By Sue Botos
It’s cool to be a Biddie. That’s the message Pat Patterson, president of the Women’s Association of Beach Cliff No. 1, affectionately known as the Biddies, would like to convey.
“We want to try to let new residents know about all of our cool new businesses,” said Patterson at her Rocky River real estate office. To accomplish this, the club will soon begin putting together welcome baskets for recent buyers in the Beach Cliff No. 1 neighborhood, which includes homes east of Rocky River Park and north of Lake Road.
But constructing the “Biddie Baskets,” stuffed with samples and coupons from nearby retailers, is just the latest project for a group with a rich history stretching back to 1925. Times change, and the oldest women’s club in the city came close to disbanding last year. But Patterson and a group of dedicated board members hope to keep the tradition alive.
Patterson explained that the group, first known as the “Women’s Improvement Association of Oakwood and Beach Cliff No. 1,” was formed after several teens drowned in Lake Erie at Oakwood Beach during the construction of homes in what is now the Beach Cliff neighborhood. According to club history, Mrs. A.E.M. Burgerner and a group of mothers went door to door, inviting residents to join them in securing lifeguards for the beach.
The women also patrolled the shore, taught swimming lessons and generally tried to promote beach safety. “When the kids would see them coming, they’d say, ‘Here come those old biddies,’ and the name stuck,” Patterson explained.
Over the years, the club’s mission evolved to serve other civic and social needs of the community. An article from 1951, preserved in a thick binder documenting the club’s history, states that one of the club’s first projects, in 1927, was securing an independent public school system for the city. Club members once again went door to door collecting census information, which they then sent to the state.
“At that time the population was 4,258 and the women were paid $200,” the account states. “This was the first money the infant club had earned.”
The group used the money for other large-scale projects, such as helping pass a bond issue for both a new school (Beach) and a sewage disposal plant. The women even weighed in on zoning matters, campaigning against “the erection of apartments and stores in this suburb of homes.”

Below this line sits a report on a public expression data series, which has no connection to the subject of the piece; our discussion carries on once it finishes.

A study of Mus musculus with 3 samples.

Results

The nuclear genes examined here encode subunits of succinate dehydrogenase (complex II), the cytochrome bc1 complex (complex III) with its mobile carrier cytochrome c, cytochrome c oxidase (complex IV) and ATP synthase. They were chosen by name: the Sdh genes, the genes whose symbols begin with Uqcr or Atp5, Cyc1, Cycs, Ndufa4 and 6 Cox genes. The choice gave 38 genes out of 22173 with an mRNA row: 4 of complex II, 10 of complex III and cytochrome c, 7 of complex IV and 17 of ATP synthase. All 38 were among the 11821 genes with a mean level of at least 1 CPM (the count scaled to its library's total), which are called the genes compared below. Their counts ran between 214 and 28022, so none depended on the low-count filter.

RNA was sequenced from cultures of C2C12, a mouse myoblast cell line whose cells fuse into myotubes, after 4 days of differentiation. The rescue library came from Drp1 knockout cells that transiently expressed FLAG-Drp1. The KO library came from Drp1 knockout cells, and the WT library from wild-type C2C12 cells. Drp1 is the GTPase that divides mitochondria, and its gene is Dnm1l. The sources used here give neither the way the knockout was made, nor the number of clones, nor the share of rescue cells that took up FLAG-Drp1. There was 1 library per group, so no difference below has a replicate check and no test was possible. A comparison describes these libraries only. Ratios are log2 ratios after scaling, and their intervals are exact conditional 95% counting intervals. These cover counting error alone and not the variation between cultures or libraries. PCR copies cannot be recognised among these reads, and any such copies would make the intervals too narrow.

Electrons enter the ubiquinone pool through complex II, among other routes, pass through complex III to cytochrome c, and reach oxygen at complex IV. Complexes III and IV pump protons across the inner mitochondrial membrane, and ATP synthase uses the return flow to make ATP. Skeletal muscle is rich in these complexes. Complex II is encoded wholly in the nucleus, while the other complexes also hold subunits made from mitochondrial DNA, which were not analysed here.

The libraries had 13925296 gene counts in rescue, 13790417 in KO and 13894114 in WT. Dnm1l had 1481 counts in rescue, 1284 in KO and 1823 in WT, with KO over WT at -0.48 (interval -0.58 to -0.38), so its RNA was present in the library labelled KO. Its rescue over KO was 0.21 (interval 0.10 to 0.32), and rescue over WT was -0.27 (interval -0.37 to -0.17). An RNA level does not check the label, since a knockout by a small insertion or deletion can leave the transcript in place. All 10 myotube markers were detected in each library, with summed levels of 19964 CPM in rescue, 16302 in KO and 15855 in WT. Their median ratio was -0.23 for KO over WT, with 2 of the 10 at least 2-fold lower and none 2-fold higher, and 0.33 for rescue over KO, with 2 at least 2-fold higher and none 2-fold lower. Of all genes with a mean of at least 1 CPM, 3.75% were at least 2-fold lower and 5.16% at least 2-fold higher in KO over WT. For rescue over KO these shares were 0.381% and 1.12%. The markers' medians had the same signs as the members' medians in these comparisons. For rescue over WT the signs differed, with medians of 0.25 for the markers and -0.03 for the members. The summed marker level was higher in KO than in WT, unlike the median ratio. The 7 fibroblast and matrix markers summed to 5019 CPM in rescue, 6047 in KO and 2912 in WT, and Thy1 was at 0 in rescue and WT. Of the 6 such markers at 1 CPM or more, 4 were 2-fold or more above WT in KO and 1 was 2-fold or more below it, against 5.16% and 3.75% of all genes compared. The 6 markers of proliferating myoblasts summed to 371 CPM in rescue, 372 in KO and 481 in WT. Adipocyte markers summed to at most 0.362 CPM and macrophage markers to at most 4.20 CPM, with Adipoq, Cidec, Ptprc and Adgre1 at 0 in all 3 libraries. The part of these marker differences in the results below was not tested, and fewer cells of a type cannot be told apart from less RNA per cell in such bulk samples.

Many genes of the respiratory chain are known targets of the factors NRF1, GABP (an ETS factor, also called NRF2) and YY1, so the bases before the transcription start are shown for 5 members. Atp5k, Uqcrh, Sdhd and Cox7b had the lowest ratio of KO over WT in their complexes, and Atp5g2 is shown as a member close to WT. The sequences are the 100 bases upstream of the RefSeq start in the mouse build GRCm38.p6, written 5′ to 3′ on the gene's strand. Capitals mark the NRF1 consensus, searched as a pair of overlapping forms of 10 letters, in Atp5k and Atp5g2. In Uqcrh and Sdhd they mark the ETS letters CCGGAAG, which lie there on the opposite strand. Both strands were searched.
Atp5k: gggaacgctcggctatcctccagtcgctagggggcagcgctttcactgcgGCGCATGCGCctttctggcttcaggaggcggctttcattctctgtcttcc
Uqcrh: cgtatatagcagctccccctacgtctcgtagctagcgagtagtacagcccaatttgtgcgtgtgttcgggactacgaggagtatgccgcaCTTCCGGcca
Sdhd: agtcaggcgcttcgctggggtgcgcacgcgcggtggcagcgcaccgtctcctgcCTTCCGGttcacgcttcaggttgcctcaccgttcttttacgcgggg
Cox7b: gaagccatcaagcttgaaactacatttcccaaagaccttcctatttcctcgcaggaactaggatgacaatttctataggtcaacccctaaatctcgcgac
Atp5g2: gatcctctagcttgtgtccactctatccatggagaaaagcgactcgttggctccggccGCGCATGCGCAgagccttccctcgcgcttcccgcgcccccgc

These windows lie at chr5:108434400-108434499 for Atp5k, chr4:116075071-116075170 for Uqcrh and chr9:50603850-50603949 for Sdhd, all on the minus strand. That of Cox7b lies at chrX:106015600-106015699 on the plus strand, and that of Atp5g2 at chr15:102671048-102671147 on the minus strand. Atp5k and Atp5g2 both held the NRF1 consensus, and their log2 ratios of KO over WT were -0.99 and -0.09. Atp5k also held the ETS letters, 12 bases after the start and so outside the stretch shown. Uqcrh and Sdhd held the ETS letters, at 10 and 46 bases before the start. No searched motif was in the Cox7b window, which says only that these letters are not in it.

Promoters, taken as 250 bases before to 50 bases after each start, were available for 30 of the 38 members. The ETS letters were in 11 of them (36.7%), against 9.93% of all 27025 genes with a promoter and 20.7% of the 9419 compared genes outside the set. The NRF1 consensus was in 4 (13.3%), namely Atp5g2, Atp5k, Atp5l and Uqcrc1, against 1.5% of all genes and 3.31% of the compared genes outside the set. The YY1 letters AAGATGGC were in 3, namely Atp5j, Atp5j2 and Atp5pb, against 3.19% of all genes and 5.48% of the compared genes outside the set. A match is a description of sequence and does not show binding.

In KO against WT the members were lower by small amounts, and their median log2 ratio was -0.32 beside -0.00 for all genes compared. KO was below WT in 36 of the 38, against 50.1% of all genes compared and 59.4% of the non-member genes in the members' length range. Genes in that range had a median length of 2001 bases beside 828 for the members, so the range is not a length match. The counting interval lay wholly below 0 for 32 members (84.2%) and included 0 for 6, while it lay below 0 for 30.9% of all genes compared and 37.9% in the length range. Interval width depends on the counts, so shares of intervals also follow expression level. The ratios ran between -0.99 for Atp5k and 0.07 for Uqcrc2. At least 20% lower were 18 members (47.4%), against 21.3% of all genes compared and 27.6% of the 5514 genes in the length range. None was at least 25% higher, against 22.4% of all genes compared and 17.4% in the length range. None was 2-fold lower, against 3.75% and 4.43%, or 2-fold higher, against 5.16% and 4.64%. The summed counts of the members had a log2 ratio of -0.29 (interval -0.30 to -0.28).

During the years of the Great Depression, the Biddies held bimonthly bridge parties to raise money for the needy in the community. Patterson pointed to a picture of club members in 1933, packing Christmas baskets. “That gave me the chills,” she said, noting the group’s present mission of welcoming baskets. The women were also active volunteers in civil defense efforts during World War II.
But there was time for fun as well. Throughout the years, club members held potluck luncheons at Oakwood Beach every Wednesday during the summer and early fall. Keeping their original purpose in mind, the women hired a swimming teacher for the children, and held swimming contests at the end of each session. The festivities often stretched into the evening, when young people congregated for picnics, campfires and sunset watching.
But women became busier with jobs and chauffeuring children to a myriad of activities, and Biddie membership began to decline. Patterson said in October of last year, then-President Sandra Muny called the group together to discuss its fate. As a “second-generation Biddie,” Patterson could not let the group fold, and stepped forward to become president.
“My roots are there. I grew up on the street I live on. This is part of the history of the area, and I felt it was something I should do,” she recalled.
Patterson’s goal is to “create a purpose” for the group, helping it to become more visible by connecting residents and businesses. While few women now have time to “do lunch,” Patterson hopes to keep the social aspect of the group alive with such activities as a holiday ornament exchange, a summer potluck and possibly a fall clambake for members and spouses.
Additionally, Patterson and her board are designing a logo, website and updated database. She said she is considering opening up membership to all women of the Beach Cliff area, but Oakwood Beach would still be available only to those in Beach Cliff No. 1.
But one thing that will not change is the club’s nickname. “I put the name change out there when I became president in October, and everyone said, ‘Oh, no! This is part of history!’” Patterson recalled.